Mayor Eric Adams says healing crystals give NYC ‘special energy’
Call it geode politics.
Mayor Adams said that the Big Apple is littered with unique crystals that give out a “special energy.”
The former officer — and gem-tleman — even wears multi-colored healing gems on his right wrist. Adams has gotten so into the New Age fad that local blog Hell Gate NYC has dubbed him “NYC’s first Crystals Guy mayor.”
Pricey crystals are popular among celebrities such as Adele and Spencer Pratt and even some Wall Street collectors, who swear by their “healing” properties.
Speaking to Politico in the spring, Adams said he discovered NYC’s iconic bedrock is comprised of unique gems and minerals and that “there’s a special energy that comes from here.”
The “Rock Center” Adams is apparently referring to is the geological layer known as the Manhattan Schist, outcroppings of which can actually be seen in areas such as Central Park, as well as in the basement of Grand Central Terminal.
It contains more than 100 minerals — including quartz, kyanite and dumortierite — and was formed roughly 450 million years ago.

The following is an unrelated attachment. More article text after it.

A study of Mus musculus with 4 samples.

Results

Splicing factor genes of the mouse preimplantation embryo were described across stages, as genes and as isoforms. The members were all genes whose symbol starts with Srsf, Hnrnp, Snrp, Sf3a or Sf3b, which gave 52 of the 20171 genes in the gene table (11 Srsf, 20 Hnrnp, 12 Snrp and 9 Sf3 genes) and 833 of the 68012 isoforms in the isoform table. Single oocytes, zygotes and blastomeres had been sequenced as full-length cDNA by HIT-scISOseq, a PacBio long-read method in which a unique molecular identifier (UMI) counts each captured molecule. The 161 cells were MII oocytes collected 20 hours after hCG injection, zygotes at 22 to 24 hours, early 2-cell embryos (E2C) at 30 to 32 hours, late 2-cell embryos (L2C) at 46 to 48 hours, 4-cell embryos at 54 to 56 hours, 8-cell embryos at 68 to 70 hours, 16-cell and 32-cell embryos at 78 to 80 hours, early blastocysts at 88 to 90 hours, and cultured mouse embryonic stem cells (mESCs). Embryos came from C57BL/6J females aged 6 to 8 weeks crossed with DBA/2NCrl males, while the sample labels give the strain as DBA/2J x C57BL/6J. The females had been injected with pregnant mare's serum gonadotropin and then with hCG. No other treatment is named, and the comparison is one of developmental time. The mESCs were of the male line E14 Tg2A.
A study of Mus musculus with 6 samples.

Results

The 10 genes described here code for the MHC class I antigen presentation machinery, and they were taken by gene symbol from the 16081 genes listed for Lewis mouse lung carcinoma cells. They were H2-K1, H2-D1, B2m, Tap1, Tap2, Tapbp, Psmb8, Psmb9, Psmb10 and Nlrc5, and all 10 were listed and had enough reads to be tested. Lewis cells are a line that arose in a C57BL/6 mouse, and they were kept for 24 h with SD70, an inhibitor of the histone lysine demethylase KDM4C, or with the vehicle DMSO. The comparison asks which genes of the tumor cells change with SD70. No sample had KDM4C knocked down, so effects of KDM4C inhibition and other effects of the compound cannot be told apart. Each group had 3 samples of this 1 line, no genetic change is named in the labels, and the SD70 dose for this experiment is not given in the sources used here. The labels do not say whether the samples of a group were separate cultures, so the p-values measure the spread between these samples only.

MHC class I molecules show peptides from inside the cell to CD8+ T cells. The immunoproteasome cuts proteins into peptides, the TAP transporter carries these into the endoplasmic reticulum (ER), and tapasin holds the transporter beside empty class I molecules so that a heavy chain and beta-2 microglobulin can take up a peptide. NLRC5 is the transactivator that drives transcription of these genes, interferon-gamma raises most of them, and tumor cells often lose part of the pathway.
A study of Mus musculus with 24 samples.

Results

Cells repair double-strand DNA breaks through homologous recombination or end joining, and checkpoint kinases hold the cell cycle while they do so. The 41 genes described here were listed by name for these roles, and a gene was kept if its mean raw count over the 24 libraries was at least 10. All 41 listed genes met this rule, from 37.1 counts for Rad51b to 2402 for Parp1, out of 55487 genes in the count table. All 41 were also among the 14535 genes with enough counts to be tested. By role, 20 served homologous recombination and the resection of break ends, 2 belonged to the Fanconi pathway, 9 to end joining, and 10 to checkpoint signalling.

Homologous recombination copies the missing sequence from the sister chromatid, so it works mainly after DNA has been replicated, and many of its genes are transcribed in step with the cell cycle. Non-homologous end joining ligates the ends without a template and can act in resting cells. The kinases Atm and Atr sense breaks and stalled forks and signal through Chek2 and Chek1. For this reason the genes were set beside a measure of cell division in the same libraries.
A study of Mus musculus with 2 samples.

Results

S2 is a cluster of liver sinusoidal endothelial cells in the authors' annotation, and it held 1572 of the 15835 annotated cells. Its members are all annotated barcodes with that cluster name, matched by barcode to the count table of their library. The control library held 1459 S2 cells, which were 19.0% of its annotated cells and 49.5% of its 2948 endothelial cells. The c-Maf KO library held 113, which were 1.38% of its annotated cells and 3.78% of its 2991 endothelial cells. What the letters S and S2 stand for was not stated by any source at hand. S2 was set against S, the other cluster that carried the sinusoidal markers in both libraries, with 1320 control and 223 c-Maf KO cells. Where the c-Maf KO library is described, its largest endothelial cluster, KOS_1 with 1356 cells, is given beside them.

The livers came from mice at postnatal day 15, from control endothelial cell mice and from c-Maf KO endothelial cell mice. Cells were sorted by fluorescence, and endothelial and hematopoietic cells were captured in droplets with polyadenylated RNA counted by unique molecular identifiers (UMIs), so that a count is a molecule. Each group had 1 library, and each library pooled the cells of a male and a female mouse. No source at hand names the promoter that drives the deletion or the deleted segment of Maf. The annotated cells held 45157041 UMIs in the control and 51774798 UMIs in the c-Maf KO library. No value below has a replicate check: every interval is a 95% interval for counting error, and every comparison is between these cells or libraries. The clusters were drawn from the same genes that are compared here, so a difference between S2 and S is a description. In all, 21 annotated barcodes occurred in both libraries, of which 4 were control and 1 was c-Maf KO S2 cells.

A New York based crystal expert told the Guardian that the mayor — who recently declared that a “vibe shift” is happening in NYC — also, appears to wear several types of quartz on his wrist.
“A quartz is a high-energy crystal,” Nancy Soto, an employee at Namaste crystal shop near Union Square, told The Post, noting that the minerals are increasingly popular among young people on TikTok.
“It’s a high vibrational crystal that clears all things” — including negativity, Soto added, calling Adams’ affinity for the rocks “forward thinking.”
But judging by this week’s poll numbers — in which a majority of New Yorkers said Adams needs to be doing a better job — the gems might not be helping the mayor in the negativity department.
And the scientific community, which considers “crystal healing” to be a load of hooey, agrees.
“They have absolutely no power whatsoever to affect the human body,” Michael Shermer, the publisher of Skeptic magazine and a monthly columnist for Scientific American, told The Post in 2017.